Editor’s Note: This post was originally published in January 2020 and has been updated for accuracy and comprehensiveness as of July 2023.
Quick – name some of your favorite companies that love to use direct mail.
Are any of them startups?
Many brands have built their businesses by being disruptors in their industries. Even better – they’re hip, hot, and savvy. And a surprising number of them use direct mail marketing to stand out, convert new customers, and build loyalty.
Why? Two big reasons.
First, they know that mail can help them reach prospects who might otherwise be missed by digital channels like the web, email, or social media. Not everyone is a digital-first consumer.
Even digital natives like Millennials and Generation Z have to deal with inboxes that are overflowing with promotions, bills, receipts, newsletters, and more. Add to this digital picture social media microtargeting, popups in videos and apps – it seems like it never ends.
Second, they understand that print – ink on paper – is powerful. A brand on a screen works on only two senses: sight and sound. Paper, though, comes in many different sizes, shapes, weights, textures, and finishes. Print gives customers another way to experience and interact with your brand marketing.
Here are a few examples of startups that create standout direct mail communications.
HelloFresh focuses on benefits
HelloFresh, the largest meal-kit provider in the United States, mailed a campaign that wants to make its prospects’ lives as easy as possible. To start with, the outer envelope’s big opaque showcase window teases an $80 discount response card tipped to a brochure inside. Who wouldn’t be intrigued enough to open it?
Inside, ingredients like lots of green (the brand color) and appetizing food photos set the table for the customer. One panel lays out the simple choice of 3 meal plans (veggie, classic, and family) with a short caption describing the dishes.
In a vertical spread, HelloFresh presents the main benefit of its service in a headline: “Spend less time MAKING and more time Enjoying.” Subheads – each with an icon and some copy – break the pitch down into individual benefits: simplicity, convenience, and variety.
Ritual.com takes on customer skepticism
Vitamins have long been a popular category in direct mail marketing, with promotions using lots of copy in big type, “expert” claims and guarantees, and confusing diagrams.
Ritual’s approach is different. On this postcard, it shows two clear supplements positioned between two fingers. Against a backdrop of the brand’s colors, the headline is simple and direct: “This is not a miracle.”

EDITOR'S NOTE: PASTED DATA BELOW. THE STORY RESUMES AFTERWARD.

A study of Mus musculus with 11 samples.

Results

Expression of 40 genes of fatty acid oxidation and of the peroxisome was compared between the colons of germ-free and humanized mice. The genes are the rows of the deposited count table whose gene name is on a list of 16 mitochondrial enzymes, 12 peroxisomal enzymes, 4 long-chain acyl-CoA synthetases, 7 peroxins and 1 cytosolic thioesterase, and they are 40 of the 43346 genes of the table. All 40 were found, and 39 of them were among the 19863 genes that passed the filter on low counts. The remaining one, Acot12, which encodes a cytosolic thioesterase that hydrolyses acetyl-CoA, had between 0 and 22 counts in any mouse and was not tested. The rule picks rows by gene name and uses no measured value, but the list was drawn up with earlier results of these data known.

The spare design uses the white space on the card to focus the reader on introducing the benefits of its Essential for Women supplement. Icons represent how its nutrients aid heart, brain, bone, and blood health. And a major pain point of many vitamins – nausea – is likewise mentioned with a single line.
Bombas connects mission to its merchandise
Lots of companies sell socks, so what makes Bombas special? The apparel company’s unique selling proposition (USP) is right there on the front panel of this folded self-mailer: comfort. “The only socks you’ll want to wear this summer,” the headline claims. Above, a photo of someone wearing one of the “no show” socks. And that’s about it.
The customer can discover more inside about the socks and the introductory discount on the inside. Panels have spreads that include diagrams on the innovative construction of the retailer’s socks and show different sock colors.
Customers also learn about the business practice that earned Bombas a B Corporation certification: For each pair of socks sold, the company gives a pair to homeless causes, with over 20 million donated to date.
Wrapping it up
These three direct mail efforts help each of these companies explain or show part of their stories, who they are as brands.
Not every direct mail marketing piece can do that. As the printed expression of your brand, your mailing has to be well-designed, target the right audience, and make the right offer to fulfill its purpose: driving response.
Keep things simple with a single, easy-to-understand offer or incentive that the consumer doesn’t have to work hard to find.
Self-mailers, postcards, and letters have many simple, classic ways to grab and keep your customers’ attention and motivate them to act. Short headlines, interesting and high-quality images, and smart strategy can make a big difference in creating successful direct mail.
At mailing.com, our printing experts will work with you to help you tell your brand’s stories. We can suggest the best options given your brand’s individual campaign goals as well as your budget.
Please reach out to us! We’d love to show you how you can put today’s direct mail to work in your next campaign.